The Corona Pandemic spiked reliance on technology in various industries, including the health sector.
With restricted movement measures put in place to prevent the spreading of the virus, the health sector in Kenya had to find a way to relay their services at a time they were critically needed.
That’s how healthcare providers in the country adopted sensational telemedicine technology.
Telemedicine has been operational for years in other countries like the US, but it gained momentum in countries like Kenya after the Corona pandemic hit hard.
So, what is telemedicine?
What is Telemedicine?
Telemedicine is the virtual process through which healthcare providers administer medical services to patients.
The whole process is entirely online, where through video or audio calls, health experts engage patients in real time for diagnosis, monitoring medication progress, and prescribing medication.
Among conditions that patients can rely on telemedicine for diagnosis and treatment include flu, infected cuts, birth control, diarrhea, insect bites, and more.
How Telemedicine Works
A few things play a part in facilitating telemedicine services.
The services are rendered through online portals, software, or an app.
Patients and providers need stable internet, a laptop or computer, and a web camera.
A patient accesses telemedicine services by logging into accounts, and through a video or audio call, the doctor issues a diagnosis and treatment plan after assessing the patient.
Telehealth vs. Telemedicine
Most people think telehealth and telemedicine have an ordinary meaning, but that isn’t the case.
Telehealth comprehensively covers both clinical and non-clinical aspects of healthcare through video and audio.
Telemedicine falls under telehealth but is confined to clinical services, which include diagnosing, treating, and monitoring a patient’s health condition.
Benefits of Telemedicine Services
The onset of telemedicine in Kenya has brought about several benefits, such as the following:
- Hospitals decongesting: Telemedicine enables patients to get services requiring them to visit a health facility hence helping decongest hospitals.
- Cost-friendly: You save on transport and fuel costs and only pay for online consultation and prescribed drugs.
- Time-saving: Sometimes visiting a hospital means spending hours in long queues, but telemedicine may take an hour or less, allowing you to return to work.
- Instant reach: Telemedicine allows the sick to connect with healthcare providers from any location as long as they have the right tools for communication
- Privacy: In telemedicine, it’s just you and the doctor, unlike when you run into someone you know when you visit the hospital. It also gives most patients the courage to make inquiries they wouldn’t make during a physical consultation.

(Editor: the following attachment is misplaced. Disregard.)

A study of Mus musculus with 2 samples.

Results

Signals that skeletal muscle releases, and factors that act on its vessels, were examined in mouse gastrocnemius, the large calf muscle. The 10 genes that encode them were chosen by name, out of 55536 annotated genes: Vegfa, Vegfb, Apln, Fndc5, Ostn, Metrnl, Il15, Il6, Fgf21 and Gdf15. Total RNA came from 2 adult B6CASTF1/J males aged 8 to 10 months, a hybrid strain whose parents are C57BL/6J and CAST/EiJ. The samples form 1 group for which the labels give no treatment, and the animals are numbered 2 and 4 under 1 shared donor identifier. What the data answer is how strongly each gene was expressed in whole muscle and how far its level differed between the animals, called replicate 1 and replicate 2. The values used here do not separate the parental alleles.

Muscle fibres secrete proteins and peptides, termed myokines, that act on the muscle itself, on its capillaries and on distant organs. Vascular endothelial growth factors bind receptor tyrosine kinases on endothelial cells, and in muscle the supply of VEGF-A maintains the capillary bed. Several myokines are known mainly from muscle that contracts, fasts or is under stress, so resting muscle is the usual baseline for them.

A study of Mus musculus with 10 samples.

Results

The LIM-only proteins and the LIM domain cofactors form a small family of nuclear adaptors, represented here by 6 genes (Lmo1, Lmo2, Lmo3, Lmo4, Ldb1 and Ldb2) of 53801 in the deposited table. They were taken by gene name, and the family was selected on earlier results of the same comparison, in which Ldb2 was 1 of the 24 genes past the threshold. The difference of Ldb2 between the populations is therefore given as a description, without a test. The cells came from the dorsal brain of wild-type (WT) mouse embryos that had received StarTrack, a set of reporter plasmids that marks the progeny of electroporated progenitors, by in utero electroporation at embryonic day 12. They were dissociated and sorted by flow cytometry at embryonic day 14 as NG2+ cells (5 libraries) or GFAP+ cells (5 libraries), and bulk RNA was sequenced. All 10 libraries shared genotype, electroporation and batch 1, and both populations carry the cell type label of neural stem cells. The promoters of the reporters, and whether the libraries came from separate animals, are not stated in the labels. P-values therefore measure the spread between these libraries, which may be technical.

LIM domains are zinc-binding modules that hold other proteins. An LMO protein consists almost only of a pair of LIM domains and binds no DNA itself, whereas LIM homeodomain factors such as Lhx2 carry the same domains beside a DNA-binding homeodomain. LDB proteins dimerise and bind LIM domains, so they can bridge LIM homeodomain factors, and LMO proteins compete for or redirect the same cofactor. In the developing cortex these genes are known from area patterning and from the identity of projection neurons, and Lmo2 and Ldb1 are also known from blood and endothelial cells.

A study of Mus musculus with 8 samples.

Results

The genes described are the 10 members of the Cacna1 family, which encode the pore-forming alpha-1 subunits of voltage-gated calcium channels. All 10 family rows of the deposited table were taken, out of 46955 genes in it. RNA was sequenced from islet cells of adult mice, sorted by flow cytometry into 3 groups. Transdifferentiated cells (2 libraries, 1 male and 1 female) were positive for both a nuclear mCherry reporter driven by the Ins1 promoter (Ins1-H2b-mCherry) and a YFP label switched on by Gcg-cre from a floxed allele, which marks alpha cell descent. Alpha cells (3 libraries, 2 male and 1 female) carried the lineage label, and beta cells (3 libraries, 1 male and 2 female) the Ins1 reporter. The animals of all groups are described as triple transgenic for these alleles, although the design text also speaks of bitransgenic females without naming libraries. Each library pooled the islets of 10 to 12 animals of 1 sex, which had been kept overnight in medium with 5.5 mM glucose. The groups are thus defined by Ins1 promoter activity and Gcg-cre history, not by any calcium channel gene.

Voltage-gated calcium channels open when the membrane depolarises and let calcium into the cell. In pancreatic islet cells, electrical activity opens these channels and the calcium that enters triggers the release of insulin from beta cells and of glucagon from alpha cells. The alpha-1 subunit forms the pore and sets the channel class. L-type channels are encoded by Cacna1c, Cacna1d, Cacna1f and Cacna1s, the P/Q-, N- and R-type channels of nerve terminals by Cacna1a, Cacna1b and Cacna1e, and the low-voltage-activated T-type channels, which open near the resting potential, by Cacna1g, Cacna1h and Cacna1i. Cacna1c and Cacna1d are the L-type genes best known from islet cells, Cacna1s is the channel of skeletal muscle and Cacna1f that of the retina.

Sure, telemedicine has its fair share of challenges. The most prevalent ones are as follows:
- Digital illiteracy: Some people in Kenya, especially the older generation, are not used to using technology in their lives. Using a webcam or accessing online services may limit access to telemedicine unless someone guides them.
- Connectivity limitations: Some Kenyan locations do not enjoy stable internet connection because telecommunication companies haven’t invested in those areas, thus making it hard to use telemedicine services.
- Cannot handle emergencies: Telemedicine may be efficient in handling some medical situations but not delicate ones like strokes and broken bones.
- Lack of insurance coverage: Health insurance companies have not fully gravitated towards covering telemedicine services, prompting patients to pay for the services using other means
Telemedicine Companies in Kenya
Several healthcare providers in Kenya have gone the telemedicine way, and more continue to jump on the wagon.
The following telemedicine companies are enabling doctors to render their services online:
- Bliss@Home from Bliss Healthcare
- Nyumbani Medics
Besides the companies highlighted above, several hospitals, such as MP-Shah, KTRRH, Gertrude’s, and Agha-Khan, also offer telemedicine services to their patients.
What’s the latest in Kenyan Telemedicine Practice?
The spread of Corona Virus has since decreased, but that hasn’t disrupted telemedicine services in the country.
More healthcare practitioners from, dentists, pharmacists, dermatologists, and cardiologists, continue to embrace these services.
The general public, on the other hand, continues receiving awareness of telemedicine services.